It’s Not Who You Know — It’s Who Knows YOU

Posted on August 20, 2012

Throughout high school, college, and even into our professional careers, it’s drilled into our heads that effective and tireless networking is the key to success. It’s all about who you know. Right?

Wrong.

Before you doubt all of the career-building experiences you’ve had since high school graduation, consider this: It’s not about who you know, but who knows you.

Networking only gets you so far.

I have a varied career background — I’ve been a chef and an author, and I’m now part of a professional branding company — so I’ve networked in several different industries. In my experience, networking only gets you so far.


Once upon a time, the tried-and-true mantra of “It’s all about who you know” was, well, true. In the digital age we’re lucky enough to live in today, however, we have to consider whom we’re connected to and what our connections know about us. Whether you’re applying for a job, using your references, or making a legitimate contact for venture capital, you can and will be tracked through LinkedIn and other online profiles and sources. Ultimately, you will be measured against other candidates and colleagues. With endless information right at our fingertips, this is inevitable.

The bottom line is that potential employers, connections, and colleagues are finding their own paths to you and evaluating your value and work ethic based on what they see online, which may or may not work in your favor. (In other words, you never know who they know – or what they think of them.)

Branding is the answer.

To combat this, all professionals need to have a developed professional brand. The better your brand is, the more likely it is that you’ll be perceived as an expert in your field, as well as a connection to others who truly value your opinion and work.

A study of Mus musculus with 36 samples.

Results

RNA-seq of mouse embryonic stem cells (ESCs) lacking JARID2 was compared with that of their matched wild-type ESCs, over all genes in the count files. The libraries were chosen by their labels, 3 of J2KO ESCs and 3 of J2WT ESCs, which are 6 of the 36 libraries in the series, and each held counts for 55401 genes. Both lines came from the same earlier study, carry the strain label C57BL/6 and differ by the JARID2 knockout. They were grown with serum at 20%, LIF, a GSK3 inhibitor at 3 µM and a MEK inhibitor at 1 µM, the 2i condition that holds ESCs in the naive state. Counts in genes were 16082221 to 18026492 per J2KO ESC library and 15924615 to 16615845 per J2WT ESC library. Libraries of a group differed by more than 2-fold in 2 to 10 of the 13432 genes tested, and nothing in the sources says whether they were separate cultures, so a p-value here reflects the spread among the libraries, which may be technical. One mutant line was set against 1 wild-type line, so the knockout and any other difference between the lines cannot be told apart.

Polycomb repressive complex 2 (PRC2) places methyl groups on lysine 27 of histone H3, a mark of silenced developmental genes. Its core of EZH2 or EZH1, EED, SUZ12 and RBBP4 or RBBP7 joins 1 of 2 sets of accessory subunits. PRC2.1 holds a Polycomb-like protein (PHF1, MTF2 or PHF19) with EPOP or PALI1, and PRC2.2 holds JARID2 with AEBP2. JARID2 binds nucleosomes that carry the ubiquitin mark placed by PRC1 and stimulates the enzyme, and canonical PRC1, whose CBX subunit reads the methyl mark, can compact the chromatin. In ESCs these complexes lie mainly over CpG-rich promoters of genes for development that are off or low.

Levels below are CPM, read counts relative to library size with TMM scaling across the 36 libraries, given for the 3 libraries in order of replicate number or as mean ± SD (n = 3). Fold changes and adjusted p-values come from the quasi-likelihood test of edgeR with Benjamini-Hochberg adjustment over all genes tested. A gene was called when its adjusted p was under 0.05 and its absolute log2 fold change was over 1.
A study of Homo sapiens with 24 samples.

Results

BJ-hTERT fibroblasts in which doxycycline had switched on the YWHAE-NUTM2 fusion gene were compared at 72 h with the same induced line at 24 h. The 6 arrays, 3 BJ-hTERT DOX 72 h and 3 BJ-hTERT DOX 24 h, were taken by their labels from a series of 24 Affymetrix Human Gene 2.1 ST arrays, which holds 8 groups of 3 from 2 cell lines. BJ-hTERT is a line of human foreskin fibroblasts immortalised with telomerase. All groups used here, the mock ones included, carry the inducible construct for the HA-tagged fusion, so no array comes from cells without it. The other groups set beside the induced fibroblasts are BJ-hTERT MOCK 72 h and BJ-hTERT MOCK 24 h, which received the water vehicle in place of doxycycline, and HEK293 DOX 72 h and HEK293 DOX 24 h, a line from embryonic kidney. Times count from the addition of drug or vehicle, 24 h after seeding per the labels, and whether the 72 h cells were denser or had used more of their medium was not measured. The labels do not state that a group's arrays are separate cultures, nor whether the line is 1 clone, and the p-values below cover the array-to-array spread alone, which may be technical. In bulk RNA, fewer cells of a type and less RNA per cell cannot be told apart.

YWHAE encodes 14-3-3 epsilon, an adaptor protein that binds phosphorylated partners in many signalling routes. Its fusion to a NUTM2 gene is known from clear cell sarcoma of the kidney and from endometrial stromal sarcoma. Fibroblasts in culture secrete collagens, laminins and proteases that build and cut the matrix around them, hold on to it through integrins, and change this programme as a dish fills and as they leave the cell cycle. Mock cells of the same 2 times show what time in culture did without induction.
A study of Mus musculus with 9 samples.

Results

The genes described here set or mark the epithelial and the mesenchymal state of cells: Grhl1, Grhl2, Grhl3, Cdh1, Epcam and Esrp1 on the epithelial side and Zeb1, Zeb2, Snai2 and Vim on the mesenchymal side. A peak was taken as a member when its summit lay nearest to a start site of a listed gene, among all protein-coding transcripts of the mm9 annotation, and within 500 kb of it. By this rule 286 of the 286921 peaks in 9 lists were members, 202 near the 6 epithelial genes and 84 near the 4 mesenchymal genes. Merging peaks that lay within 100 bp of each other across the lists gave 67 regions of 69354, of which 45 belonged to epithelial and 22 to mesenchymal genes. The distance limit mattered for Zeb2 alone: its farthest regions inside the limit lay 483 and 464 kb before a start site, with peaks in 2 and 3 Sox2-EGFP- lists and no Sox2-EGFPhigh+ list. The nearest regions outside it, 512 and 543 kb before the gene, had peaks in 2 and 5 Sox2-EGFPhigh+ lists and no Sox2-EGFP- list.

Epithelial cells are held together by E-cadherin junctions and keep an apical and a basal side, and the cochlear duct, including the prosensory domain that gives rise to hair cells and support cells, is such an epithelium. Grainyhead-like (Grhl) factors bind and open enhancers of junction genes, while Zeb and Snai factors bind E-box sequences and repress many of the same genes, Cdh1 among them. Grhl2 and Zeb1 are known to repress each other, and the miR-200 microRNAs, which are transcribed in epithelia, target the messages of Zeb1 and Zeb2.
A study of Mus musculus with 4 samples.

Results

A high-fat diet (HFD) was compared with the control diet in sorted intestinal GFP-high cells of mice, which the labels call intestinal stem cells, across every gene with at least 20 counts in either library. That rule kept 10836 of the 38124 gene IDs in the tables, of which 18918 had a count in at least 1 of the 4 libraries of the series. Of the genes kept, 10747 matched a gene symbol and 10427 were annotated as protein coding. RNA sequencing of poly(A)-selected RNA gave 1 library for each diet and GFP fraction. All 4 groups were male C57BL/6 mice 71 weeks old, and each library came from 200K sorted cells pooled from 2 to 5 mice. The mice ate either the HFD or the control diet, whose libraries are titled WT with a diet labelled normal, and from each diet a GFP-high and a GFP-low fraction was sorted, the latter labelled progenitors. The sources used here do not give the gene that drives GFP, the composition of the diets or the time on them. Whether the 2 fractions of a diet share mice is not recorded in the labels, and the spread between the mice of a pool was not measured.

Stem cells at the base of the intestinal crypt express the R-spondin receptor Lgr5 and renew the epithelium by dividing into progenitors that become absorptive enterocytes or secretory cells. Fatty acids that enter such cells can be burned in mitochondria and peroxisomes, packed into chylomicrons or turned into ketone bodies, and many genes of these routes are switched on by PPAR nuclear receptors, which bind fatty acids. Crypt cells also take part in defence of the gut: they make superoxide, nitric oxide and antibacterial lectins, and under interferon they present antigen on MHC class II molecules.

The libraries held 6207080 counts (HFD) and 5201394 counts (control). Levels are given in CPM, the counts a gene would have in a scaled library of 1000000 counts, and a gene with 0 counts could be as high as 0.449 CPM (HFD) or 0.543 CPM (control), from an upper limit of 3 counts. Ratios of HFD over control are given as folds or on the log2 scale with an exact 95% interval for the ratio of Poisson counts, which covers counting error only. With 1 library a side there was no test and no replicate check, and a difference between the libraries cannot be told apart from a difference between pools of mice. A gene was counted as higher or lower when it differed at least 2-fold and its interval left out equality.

The best way to build your professional brand is to start with a branded website. The more complete and informative your website is (this includes your bio, past and present professional experience, portfolio, published articles, memberships, and awards), the more likely Google is to place it on its first page of search results. This means that, when potential connections search your name, they’ll see your quality website, which legitimizes you and your business potential. By maintaining a strong online presence, advertising third-party validation of your work, and joining the right professional organizations, potential connections will suddenly care a lot less about what other outlets might say about you.

Tooting your own horn is necessary sometimes.

As a professional, it’s essential to show interest in and help promote others, but it’s okay to “brag” about yourself at the right time and place. Having a solid professional brand is one of the best ways to do this. By having an established website and brand, you come across as an accomplished and successful professional who’s worth paying attention to. Believe it or not, people want to see your accomplishments, awards, published work, organizations, etc. — it’s how they determine whether they want to associate with you. Your website is the perfect place for them to obtain that information.

If they’re impressed with your brand, potential connections will look for you on social media, so it’s important that you translate your brand to these platforms. Just got published in Forbes? Post it on Facebook, and watch old friends, co-workers, business professionals, and potential clients come out of the woodwork to praise you. You get a large amount of ROI for a small amount of effort. (Boom! You’ve just changed the perspective visitors of your social media profiles have when they’re measuring you against others.)

Tying it all together is key.

When creating a professional branding strategy, it’s crucial that you create a hybrid of your personal brand and your company’s brand to portray the best image possible. Follow up website branding efforts with social media efforts, publishing attempts, and more. Get your brand in front of as many people as possible.

If you execute this plan successfully, you will become known as an expert in your industry, which—when you’re focused on who knows you—is an invaluable reputation to have.